State Treasurer Dan Schwartz once confessed to being a “bad boy” because he’d disobeyed legislative directives.

But this bad boy is unrepentant about his sometimes-rocky relationship with legislators, including fellow Republicans who often agree with him on issues.

“I’m willing to stand up for certain principles, and if I take heat for it, I take heat for it.” Schwartz said.

He’s been taking heat virtually since he was elected in 2014. Schwartz was dismayed at Gov. Brian Sandoval’s embrace of a commerce tax on business revenue of more than $4 million, and introduced a three-page “alternative state budget” that relied on an illegal airport passenger tax and a politically dubious 25-cent-per-meal fee.

Senate Majority Leader Michael Roberson was livid, calling Schwartz’s budget disrespectful to the governor and “an absurdity.” After Schwartz defended himself, Roberson upbraided him again, saying “I’m in shock and dismay that you would be here today proposing this. I’m embarrassed for you, sir!”

Schwartz replied only that he wasn’t embarrassed.

This session, Schwartz drew the ire of lawmakers for hiring a public information officer to answer questions about the Education Savings Account program — which Schwartz is charged with overseeing — and augmenting the college savings program after lawmakers rejected the idea. “I mean, there’s a history of not following directions from this [Assembly Ways &Means] committee, right?” Paul Anderson, R-Las Vegas, asked. “It’s just a history of being either disingenuous or dishonest, and I’m not sure which it is.”

Schwartz once again spoke up in his own defense, but Assembly Speaker Jason Frierson weighed in, cautioning Schwartz to adjust his tone.

And that’s to say nothing of Schwartz’s icy relationship with Sandoval, first over the commerce tax and more recently over ESAs, which Sandoval also supports, but which were not funded in the governor’s preliminary budget to Schwartz’s satisfaction.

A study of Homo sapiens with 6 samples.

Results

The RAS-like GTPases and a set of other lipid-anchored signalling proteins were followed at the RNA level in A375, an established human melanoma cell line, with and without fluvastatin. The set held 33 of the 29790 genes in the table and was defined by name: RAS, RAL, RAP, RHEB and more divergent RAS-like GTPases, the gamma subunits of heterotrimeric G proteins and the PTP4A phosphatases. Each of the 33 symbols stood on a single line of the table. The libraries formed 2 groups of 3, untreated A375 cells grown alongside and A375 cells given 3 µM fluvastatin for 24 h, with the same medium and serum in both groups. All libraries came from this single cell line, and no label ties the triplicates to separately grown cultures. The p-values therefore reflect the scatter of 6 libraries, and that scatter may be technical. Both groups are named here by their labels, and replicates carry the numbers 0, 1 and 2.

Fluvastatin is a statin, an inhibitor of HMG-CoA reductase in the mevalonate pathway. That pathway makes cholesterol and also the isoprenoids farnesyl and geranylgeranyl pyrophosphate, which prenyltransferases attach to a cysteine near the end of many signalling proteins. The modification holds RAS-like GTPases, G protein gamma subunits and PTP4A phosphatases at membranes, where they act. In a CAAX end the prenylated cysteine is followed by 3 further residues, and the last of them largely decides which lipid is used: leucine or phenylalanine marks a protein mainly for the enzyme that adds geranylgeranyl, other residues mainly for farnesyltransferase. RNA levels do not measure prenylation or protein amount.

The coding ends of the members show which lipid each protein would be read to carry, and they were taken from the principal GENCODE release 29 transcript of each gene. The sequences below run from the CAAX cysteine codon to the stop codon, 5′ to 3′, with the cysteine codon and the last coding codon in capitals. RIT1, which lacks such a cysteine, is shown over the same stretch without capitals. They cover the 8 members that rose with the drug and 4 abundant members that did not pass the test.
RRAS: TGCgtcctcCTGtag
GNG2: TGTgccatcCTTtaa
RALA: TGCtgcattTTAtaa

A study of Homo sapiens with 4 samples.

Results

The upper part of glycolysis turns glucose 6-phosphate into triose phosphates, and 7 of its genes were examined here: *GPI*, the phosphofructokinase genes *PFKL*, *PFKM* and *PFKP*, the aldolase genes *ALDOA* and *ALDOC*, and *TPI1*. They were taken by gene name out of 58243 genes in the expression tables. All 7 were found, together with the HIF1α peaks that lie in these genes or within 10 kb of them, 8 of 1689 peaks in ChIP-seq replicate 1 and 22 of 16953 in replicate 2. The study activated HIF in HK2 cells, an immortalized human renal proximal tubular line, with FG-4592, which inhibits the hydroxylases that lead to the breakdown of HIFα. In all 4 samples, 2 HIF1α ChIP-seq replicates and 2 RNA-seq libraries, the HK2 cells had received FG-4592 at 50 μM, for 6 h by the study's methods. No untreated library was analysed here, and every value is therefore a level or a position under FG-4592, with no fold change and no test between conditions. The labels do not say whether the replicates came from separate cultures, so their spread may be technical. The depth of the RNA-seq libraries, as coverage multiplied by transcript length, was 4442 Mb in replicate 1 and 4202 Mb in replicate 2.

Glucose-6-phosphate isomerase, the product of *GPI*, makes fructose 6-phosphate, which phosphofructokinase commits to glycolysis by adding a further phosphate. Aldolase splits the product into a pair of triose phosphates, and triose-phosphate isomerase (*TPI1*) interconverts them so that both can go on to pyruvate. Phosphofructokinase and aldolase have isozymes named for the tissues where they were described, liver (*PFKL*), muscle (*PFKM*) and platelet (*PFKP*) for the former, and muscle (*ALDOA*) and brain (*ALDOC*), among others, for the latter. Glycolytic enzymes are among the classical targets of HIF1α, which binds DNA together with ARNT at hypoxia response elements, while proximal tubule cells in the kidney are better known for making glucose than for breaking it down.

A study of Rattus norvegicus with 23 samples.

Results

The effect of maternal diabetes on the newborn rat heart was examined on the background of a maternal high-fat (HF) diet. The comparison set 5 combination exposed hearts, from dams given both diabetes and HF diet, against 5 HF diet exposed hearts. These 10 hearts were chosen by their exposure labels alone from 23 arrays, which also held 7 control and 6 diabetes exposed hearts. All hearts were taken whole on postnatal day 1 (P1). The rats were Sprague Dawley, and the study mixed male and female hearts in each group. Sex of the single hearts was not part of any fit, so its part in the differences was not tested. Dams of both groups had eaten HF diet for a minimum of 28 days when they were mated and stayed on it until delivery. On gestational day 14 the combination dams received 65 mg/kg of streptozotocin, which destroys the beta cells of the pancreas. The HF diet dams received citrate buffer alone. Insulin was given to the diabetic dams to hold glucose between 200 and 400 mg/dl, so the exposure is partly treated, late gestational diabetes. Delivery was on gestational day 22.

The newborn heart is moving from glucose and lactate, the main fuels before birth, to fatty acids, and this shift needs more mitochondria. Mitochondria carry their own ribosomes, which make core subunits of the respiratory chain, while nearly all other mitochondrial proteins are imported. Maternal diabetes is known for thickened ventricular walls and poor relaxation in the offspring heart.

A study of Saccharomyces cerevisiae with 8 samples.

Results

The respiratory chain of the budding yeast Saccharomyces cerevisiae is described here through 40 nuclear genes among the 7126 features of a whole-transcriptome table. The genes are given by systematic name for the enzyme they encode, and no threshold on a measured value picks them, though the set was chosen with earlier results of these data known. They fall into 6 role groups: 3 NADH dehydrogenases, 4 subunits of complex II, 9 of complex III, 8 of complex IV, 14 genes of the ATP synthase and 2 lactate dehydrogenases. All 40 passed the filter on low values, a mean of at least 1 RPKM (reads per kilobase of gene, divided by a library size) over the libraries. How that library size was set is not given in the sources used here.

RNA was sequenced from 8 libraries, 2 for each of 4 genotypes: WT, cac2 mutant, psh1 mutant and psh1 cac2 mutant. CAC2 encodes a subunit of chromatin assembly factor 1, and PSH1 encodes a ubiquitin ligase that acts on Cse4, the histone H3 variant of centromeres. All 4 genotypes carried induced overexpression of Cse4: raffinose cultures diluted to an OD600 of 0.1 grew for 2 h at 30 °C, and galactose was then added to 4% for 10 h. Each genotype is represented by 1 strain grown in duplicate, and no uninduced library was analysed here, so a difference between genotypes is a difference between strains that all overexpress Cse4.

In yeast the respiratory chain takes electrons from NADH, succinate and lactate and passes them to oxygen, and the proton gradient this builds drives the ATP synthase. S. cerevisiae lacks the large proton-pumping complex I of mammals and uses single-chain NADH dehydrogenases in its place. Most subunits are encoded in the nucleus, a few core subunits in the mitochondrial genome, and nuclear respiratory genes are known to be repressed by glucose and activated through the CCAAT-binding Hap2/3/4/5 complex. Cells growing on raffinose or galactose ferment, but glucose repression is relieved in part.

For the Legislature, Schwartz’s actions are an appalling contempt of legislative authority by a rogue official who has become more of an advocate than an administrator for programs such as ESAs or college savings accounts. Schwartz is finding precious little forgiveness in legislative committee rooms.

For Schwartz and his backers on the right, he’s a defender of the independence of the executive branch and an advocate for conservative solutions to state problems. The problem, Schwartz insists, lies with lawmakers, not him. “Those people need to park their problems at the door,” he said.

But isn’t it unwise to taunt the people who oversee his budget, and who could, presumably, circumscribe his use of those dollars to virtually erase the discretion he’s enjoyed up until now? Even Schwartz admits there’s some truth to that idea, but give him a minute, and he’s back to defiantly standing up for his rights as an independent statewide elected official.

Schwartz does more than fight with lawmakers, however. He’s advocating a bipartisan bill aimed at preventing people from getting sucked into a continual debt spiral of payday loans. The bill has gained the support of former Democratic Assembly Speaker Barbara Buckley.

And Schwartz is the only high-profile public official to suggest the Faraday Future project planned for North Las Vegas’s Apex industrial park is a mirage, despite the support of the governor and the Legislature for tax incentives to make the deal happen. “I think it’s a Ponzi scheme,” said Schwartz. “I think it’s going to end badly for the people who thought this was going to happen.”

Once again, the bad boy of Nevada’s constitutional office doesn’t seem too concerned about who he upsets.

Steve Sebelius is a Review-Journal political columnist. Follow him on Twitter (@SteveSebelius) or reach him at 702-387-5276 or SSebelius@reviewjournal.com.